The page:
Tuesday, October 26, 2010
Sticky, sticky, bounce, bounce: How to stop pissing off your users
Good morning, Class.
Today we're going to discuss sticky, sticky, bounce, bounce, which is the technical term for describing what happens to a user when they are trying to use your website and cannot because the directions are so awful. They stick, because you have something they want, but then they bounce, because they can’t figure out how to get it.
Let’s give examples of sticky, sticky, bounce, bounce:
1. When your customer, who has money to spend, inputs billing and shipping information, receives an error code, but the instructions don’t explain which field is problematic. The customer gets frustrated, throws stuff at the computer, breaks it, and can’t order your product.
2. Your user, who wants to sign up for a youth basketball league, can’t figure out how to sign up because the directions are so convoluted. So he doesn’t, his daughter never learns to play basketball and the WNBA falls apart. (Shhh…this almost happened, but was quickly rectified by some patient wife who has a lot of website experience. Don’t even try to figure out who this is.)
3. Your patient, who has severe coronary artery disease, needs to make an appointment, but can’t because the web site doesn’t have a phone number to call. The ending is not good—but you knew that already.
How to avoid bouncing users
Point is, sticky, sticky, bounce, bounce can be avoided by writing good content AND ALSO…wait for it…by actually going through the steps your users go through. This used to be called testing or Quality Assurance. Now I’m not sure anyone does it anymore.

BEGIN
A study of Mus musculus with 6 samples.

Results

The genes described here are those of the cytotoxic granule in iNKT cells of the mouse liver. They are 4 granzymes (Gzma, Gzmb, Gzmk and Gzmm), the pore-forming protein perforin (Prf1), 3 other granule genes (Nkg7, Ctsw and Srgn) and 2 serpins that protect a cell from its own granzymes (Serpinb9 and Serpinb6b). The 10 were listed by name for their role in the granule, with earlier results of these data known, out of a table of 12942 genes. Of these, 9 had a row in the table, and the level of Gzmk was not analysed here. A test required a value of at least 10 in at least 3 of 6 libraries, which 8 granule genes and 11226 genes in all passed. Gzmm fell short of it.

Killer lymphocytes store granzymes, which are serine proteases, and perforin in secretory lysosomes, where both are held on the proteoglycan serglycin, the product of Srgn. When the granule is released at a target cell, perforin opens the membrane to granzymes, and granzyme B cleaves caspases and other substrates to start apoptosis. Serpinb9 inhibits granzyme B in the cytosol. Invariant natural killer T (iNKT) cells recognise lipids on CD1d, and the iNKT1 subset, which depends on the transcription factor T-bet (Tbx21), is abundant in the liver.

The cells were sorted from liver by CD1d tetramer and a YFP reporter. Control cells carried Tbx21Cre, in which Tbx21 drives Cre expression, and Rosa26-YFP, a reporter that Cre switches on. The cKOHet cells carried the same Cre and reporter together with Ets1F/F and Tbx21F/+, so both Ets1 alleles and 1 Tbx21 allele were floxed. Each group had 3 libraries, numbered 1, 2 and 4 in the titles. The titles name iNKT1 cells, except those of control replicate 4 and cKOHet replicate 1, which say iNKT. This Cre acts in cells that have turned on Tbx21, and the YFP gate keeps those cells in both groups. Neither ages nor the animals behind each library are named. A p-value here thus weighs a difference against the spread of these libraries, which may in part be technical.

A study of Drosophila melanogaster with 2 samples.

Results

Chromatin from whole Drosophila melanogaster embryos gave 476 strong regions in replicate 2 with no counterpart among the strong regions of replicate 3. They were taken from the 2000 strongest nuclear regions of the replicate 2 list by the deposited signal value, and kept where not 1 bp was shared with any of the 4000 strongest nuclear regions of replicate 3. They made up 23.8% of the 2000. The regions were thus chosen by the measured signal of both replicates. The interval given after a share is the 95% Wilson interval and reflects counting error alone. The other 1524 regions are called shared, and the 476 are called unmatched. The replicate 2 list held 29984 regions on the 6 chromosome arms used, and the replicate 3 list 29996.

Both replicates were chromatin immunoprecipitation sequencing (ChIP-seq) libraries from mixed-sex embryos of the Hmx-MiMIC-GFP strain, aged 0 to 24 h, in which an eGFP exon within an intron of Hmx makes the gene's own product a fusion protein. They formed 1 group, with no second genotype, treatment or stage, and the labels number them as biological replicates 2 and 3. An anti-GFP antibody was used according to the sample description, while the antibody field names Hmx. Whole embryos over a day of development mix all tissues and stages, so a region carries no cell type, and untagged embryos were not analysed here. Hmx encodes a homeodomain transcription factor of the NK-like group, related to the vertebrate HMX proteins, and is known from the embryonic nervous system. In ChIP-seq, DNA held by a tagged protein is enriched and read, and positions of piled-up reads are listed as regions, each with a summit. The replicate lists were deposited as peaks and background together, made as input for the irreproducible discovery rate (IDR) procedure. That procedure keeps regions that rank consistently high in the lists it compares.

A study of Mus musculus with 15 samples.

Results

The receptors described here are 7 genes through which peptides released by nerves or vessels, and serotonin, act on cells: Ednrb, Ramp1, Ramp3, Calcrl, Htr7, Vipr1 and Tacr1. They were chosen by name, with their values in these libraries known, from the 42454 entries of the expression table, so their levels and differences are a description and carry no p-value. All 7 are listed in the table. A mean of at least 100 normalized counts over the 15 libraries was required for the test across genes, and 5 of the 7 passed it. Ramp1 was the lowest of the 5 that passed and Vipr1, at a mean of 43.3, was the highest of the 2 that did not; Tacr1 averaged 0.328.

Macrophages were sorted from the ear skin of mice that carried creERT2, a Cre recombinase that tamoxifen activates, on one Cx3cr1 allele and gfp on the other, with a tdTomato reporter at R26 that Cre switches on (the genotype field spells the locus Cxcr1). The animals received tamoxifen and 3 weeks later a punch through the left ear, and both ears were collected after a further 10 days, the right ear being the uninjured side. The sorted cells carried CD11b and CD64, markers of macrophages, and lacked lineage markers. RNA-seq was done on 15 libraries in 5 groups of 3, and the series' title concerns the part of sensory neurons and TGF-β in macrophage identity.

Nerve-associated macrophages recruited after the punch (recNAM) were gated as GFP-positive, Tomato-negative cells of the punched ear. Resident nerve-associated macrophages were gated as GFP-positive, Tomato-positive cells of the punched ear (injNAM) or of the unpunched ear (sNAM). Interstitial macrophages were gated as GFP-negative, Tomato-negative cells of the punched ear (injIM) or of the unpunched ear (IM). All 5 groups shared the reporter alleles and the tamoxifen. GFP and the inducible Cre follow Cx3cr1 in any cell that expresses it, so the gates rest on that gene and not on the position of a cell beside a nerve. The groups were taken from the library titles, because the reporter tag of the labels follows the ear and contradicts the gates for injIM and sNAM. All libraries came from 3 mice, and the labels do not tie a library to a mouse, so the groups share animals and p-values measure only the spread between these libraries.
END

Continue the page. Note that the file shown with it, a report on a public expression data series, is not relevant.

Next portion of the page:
Um..is this going to be on the test?
Now some might say this has nothing to do with Content Strategy. And they’re right…sort of. Because a Content Strategist’s responsibility could end with just giving the content to the developers and then singing while skipping through the rain, of course. However, a Content Strategist also needs to look at analytics to figure out why products might not be shipping out at the rate of 79.8 units per second. And, usually analytics reports is where you really get a lovely view of sticky, sticky, bounce, bounce. So Content Strategists of the world—make sure you’ve looked at the directions on a system—that’s content too.
Join in! I’m sure you have tons of examples of sticky, sticky, bounce, bounce. You don’t even have to raise your hands.